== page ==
The Gothic Spirit [a.k.a. A Gargoyle, A Gothic Spirit] by John Taylor Arms

The Gothic Spirit [a.k.a. A Gargoyle, A Gothic Spirit] by John Taylor Arms

The Gothic Spirit [a.k.a. A Gargoyle, A Gothic Spirit]

John Taylor Arms


etching and stipple engraving 
Image Size
11 3/4 x 7 3/16" platemark 
pencil, lower right 
Edition Size
Fletcher 120; Gargoyle Series #8; Arms 122; LOC 147 
ivory Imperial Japon wove 
Inventory ID

John Taylor Arms was fascinated by what he termed the Gothic Spirit in early Gothic architecture. One of his focuses was on the elaborate waterspouts on the cathedrals, carved in the shapes of "gargoyles". In 1920 he began a series of 41 prints featuring various gargoyles of the French cathedrals. It is reported that he would climb out to the facade to a building in order to get what he felt was the best angle for an etching. Arms actually titled this image "Gothic Spirit". It was the eighth plate in the series, this done in 1922.

Wichita Art Museum's notes on their impression of this image sums it up perfectly: "In 1922 Arms executed a series of fourteen prints depicting gargoyles, the ornamental drain spouts in the shape of imaginary grotesque animals that are distinctive features of Gothic architectural detail. Critics agree that plate #8, "The Gothic Spirit", is a particularly spectacular example of Arms’ technical and expressive skills.  In his close-up, full- frontal, foreshortened view of the gargoyle, the artist brings the viewer face to face with the disdainful grin of a wild beast and the startling menace of a snake that emerges from the black drain hole beneath him.

This dramatic but seldom experienced direct confrontation with a gargoyle occurs against a background of fantastically varied, subtle textural patterning in the cathedral’s weathered stone. Dissatisfied with the effects that he could achieve with purely linear cross-hatching or aquatint, Arms developed a technique called 'stippling' to evoke a tender gray tone and velvety softness that expressed his sense of the crumbling stone surface of the old church. Stippling is the manipulation of the etching needle in a pattern of tiny dots and flicks to create a soft grainy texture, more organic and tactile than that achieved by other means. In the image of The Gothic Spirit Arms brought his innovative technique to perfection."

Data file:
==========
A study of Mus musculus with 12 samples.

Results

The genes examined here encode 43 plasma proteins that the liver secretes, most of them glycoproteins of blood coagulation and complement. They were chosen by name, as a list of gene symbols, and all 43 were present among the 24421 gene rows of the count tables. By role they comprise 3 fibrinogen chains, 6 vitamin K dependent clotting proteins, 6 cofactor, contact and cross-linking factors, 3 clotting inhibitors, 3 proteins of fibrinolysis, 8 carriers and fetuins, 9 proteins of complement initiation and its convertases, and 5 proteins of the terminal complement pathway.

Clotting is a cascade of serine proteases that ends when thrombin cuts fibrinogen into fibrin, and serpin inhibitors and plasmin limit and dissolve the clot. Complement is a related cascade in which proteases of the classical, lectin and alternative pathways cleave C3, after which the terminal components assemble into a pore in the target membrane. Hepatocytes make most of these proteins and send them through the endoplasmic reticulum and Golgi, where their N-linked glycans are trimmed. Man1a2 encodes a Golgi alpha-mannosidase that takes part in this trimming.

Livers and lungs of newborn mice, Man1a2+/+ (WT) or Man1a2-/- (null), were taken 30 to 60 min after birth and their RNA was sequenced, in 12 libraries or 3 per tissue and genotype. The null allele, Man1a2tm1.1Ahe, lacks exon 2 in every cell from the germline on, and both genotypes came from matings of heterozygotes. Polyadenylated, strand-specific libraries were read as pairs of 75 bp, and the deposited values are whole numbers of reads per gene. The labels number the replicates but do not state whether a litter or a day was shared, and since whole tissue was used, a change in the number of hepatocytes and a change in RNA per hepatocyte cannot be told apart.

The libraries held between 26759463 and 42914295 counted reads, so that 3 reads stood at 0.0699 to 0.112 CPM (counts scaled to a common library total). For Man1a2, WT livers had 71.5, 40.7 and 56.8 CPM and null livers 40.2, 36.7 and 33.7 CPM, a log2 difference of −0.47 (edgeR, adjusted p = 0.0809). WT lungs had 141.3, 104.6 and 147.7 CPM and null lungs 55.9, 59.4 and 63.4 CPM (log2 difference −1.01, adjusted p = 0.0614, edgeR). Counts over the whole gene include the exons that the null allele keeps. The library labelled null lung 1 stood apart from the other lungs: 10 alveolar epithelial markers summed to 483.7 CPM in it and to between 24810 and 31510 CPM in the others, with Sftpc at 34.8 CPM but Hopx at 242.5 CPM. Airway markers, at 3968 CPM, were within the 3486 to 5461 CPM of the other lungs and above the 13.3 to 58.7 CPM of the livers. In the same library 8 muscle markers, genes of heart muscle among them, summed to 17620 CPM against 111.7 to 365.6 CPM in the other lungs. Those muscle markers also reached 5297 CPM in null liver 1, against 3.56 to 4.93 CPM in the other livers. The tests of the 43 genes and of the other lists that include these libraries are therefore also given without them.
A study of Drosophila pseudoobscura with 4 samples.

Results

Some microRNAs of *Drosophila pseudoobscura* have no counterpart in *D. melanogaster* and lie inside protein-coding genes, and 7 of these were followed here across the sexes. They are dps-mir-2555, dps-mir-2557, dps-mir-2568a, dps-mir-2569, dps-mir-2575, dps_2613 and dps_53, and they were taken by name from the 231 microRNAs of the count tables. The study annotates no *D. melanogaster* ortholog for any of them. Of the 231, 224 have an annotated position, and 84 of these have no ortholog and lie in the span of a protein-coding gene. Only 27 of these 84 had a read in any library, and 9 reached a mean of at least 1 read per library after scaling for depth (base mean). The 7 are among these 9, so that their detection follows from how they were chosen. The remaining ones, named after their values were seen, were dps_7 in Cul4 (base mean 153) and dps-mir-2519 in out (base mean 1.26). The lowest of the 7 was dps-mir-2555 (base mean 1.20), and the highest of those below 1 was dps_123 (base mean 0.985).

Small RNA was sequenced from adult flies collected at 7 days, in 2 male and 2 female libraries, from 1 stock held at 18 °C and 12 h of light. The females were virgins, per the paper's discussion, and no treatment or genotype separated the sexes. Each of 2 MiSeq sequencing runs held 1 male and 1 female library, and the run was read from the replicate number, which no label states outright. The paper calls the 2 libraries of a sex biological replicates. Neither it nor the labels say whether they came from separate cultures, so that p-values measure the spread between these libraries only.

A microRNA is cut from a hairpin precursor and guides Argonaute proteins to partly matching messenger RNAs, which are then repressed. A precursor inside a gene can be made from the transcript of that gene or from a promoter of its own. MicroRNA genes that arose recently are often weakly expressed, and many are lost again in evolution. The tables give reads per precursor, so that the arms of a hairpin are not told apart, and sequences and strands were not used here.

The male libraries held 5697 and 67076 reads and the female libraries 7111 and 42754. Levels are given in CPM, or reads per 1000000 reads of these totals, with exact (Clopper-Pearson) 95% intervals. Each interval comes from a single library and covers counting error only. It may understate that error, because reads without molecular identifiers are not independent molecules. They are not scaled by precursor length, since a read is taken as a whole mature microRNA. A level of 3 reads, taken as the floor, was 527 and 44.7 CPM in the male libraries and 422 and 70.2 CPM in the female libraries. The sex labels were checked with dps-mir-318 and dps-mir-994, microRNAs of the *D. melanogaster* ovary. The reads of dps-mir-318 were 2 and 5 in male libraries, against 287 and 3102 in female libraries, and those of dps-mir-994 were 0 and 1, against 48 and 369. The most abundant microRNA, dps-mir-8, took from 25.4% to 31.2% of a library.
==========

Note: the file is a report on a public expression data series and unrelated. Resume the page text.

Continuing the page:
John Taylor Arms was born in Washington, D.C. on 19 April 1887. He first studied law at Princeton University but transferred to the Massachusetts Institute of Technology to study architecture, earning a Master’s Degree in 1912. He studied with Ross Turner, David A. Gregg, and Felton Brown. For five years after his graduation Arms worked for the architectural firms Carrere and Hastings, and Clark and Adams before establishing his own architectural firm, of which he was a partner.

A gift of an etching kit from his wife, Dorothy, changed the course of his life. He produced his first etching in 1915 and he eventually produced 441 prints, mostly etchings. Arms became one of the most famous printmakers of the first half of the twentieth century. He is mostly noted for his etchings of medieval architecture but early subjects also included ships, sailboats, airplanes, rural landscapes, and the streets, buildings, and bridges of New York.

Arms’ exhibition history was lengthy beginning in 1927 and continuing to 1952. He authored 'Hand-Book of Print Making and Print Makers' in 1934 and illustrated 'Churches of France' and 'Hills Town and Cities of Northern Italy' by his wife, Dorothy Noyes Arms. His work can be found in most major collections of American prints.

Arms was an activist for printmaking and assisted in assembling exhibitions of American graphic art that were shown in Sweden, Czechoslovakia and Rome; he was editor of the Print Department of Print, A Quarterly Journal of the Graphic Arts, and he lectured on the techniques, history and value of original prints. Arms also served as the president of the Tiffany Foundation in 1940. John Taylor Arms died in New York City on 15 October 1953.


Please call us at 707-546-7352 or email to purchase this item.